I have been flirting with BLE for a while now, using different modules such as the RedBear Labs Arduino shield and the Dorji UART module. There is nothing wrong with either product both are great at what they do, however one is limited to UART and the other is rather large. Both require an external micro controller to do anything cool with.

Anyway, I found the RFduino and ordered one. I managed to get it all working within 20 minutes so here are my initial thoughts and findings. You will need an iOS device (4S onwards have BLE)  to get what I have in this blog working. I will cover how to get a custom iOS and Android app working  with this shortly.

First thing to note is the size of it. It is very small considering that you have both the micro controller and BLE circuitry all in one tiny package. The picture below shows the USB programmer and the RFduino on a dev board. If you were to drop the RFduino directly onto your own PCB it would only take up less than 20x20mm! Considering you are also getting an ARM Cortex M0 that can be programmed like an Arduino it really does become quite useful.


Setting up the RFduino is mostly a simple task if you have used any similar hardware etc but there is also plenty of information at RFduino.com for any in depth help. I will just glide over it to give a brief synopsis of what is needed. Feel free to message me with any questions if you like!

1. Get the latest Arduino IDE from here and install on your PC/Mac. You will need the 1.5.6 R2 build, as there is support for ARM architectures etc

2. Download the RFduino zip package from here. Unzip and place in the following directory: programFiles/Arduino/Hardware/arduino (there should be two folders in the directory already called ‘sam’ and ‘avr’ to make sure you are in the right place). On a mac go to applications and right click the Arduino application, select show ‘show package contents’. Then drop the file in: contents/resources/java/hardware/arduino. This gives the Arduino IDE the information to program the RFduino.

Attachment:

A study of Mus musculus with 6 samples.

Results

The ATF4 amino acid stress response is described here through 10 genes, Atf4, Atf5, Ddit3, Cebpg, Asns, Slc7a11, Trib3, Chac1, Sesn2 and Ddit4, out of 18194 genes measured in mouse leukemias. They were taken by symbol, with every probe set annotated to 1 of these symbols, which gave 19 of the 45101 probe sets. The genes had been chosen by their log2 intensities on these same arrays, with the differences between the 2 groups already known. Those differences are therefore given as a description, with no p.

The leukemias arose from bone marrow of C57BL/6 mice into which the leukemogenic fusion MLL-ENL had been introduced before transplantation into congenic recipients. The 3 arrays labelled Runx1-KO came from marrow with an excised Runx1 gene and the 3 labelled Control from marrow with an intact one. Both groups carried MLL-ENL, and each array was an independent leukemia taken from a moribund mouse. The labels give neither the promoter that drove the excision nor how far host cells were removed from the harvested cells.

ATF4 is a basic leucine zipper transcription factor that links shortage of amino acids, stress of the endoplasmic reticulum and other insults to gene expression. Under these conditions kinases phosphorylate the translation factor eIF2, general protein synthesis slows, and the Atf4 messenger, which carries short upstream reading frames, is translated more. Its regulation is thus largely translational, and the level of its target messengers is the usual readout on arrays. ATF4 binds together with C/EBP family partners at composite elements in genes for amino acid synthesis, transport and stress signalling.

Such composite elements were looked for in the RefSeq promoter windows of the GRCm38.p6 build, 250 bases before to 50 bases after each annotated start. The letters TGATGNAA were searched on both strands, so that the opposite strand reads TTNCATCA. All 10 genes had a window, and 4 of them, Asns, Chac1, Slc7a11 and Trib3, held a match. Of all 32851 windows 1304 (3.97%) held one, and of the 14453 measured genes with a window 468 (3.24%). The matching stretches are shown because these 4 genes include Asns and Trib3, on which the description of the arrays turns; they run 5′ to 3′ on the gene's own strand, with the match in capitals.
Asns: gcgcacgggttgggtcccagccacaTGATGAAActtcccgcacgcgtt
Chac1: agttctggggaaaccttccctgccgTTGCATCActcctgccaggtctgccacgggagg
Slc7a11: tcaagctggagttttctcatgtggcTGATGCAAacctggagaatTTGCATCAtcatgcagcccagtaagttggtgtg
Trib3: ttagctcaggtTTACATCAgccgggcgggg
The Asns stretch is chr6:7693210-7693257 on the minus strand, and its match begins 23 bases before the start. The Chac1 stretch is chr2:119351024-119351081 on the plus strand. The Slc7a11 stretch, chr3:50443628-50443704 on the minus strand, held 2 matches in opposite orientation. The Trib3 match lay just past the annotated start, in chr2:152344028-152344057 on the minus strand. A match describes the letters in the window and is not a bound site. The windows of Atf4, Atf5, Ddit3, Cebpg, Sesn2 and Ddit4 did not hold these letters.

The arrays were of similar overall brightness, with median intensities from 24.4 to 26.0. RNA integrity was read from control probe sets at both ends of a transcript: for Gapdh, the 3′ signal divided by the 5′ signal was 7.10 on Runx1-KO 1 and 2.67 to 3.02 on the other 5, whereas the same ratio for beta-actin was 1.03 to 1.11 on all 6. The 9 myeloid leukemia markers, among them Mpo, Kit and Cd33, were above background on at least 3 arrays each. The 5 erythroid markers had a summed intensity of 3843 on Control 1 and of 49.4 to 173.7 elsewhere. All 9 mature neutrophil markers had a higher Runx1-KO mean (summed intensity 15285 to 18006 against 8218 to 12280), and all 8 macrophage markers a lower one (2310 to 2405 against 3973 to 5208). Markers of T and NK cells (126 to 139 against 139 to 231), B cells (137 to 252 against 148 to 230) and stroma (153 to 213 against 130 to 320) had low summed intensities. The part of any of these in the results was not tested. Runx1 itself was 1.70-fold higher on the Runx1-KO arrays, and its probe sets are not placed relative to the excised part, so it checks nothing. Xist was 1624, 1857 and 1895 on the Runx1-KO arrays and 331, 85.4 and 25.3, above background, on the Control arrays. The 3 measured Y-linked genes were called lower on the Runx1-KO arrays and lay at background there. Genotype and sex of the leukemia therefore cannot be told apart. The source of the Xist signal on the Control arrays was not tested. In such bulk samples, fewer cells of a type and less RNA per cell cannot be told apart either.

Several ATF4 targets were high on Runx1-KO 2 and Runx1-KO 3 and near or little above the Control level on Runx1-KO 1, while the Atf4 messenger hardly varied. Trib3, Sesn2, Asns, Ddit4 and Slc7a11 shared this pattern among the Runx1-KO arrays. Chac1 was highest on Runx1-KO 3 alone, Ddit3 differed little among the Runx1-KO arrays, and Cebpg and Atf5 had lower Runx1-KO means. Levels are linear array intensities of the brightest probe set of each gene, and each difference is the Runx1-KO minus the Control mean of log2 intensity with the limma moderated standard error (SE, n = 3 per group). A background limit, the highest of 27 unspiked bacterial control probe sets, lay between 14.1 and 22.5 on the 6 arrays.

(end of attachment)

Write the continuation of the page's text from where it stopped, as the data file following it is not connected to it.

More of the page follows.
3. Open the RFduino folder and then the libraries folder inside it. Copy the RFduinoBLE folder and place it in the Arduino libraries folder (this will be found at the same level as the hardware folder). This will give us all of the RFduino example code.

4. Now all that is needed is to set up your PC/Mac to connect to the USB programmer. The programmer uses an FTDI chip so download the correct VCP FTDI driver for your system from here and install. There is quite a handy FAQ section on their website if you face difficulties – I did.

Now plug in your RFduino. Open the Arduino IDE and load the temperature sketch from the RFduino section of the examples section. I like chose this one because it involves no other hardware. Select ‘RFduino’ as your board and finally set your COM port correctly, usually this is automatic on Windows (normally tty.usbserial on a mac). Both parts are pictured below.


Get your iOS device out and download the RFduino temperature sample app from the App Store. https://itunes.apple.com/us/app/rfduino-temperature/id668832196?mt=8

Turn Bluetooth on in settings on your iOS device and load the app. You should now see a list view with one entry showing your RFduino. Press the RFduino entry in the list and it will change view to show you the current temperature from the RFduino board on your iPhone screen. Easy as that.


So far I have managed to get some very interesting projects going by reworking the example sketches and iOS source code. I really like how this allows me to concentrate on the app development side (which is what I am predominantly interested in) without having to spend a lot of time producing hardware. There are some limitations; at this point I don’t believe there is an easy way to have a secure pairing between devices but I am hopeful to get a work around.

Below is a screenshot of the current example sketches from RFduino. As you can see there is a wide selection, from servo control, proximity, to iBeacons.


I hope that was useful in some way. Comment if I missed something etc.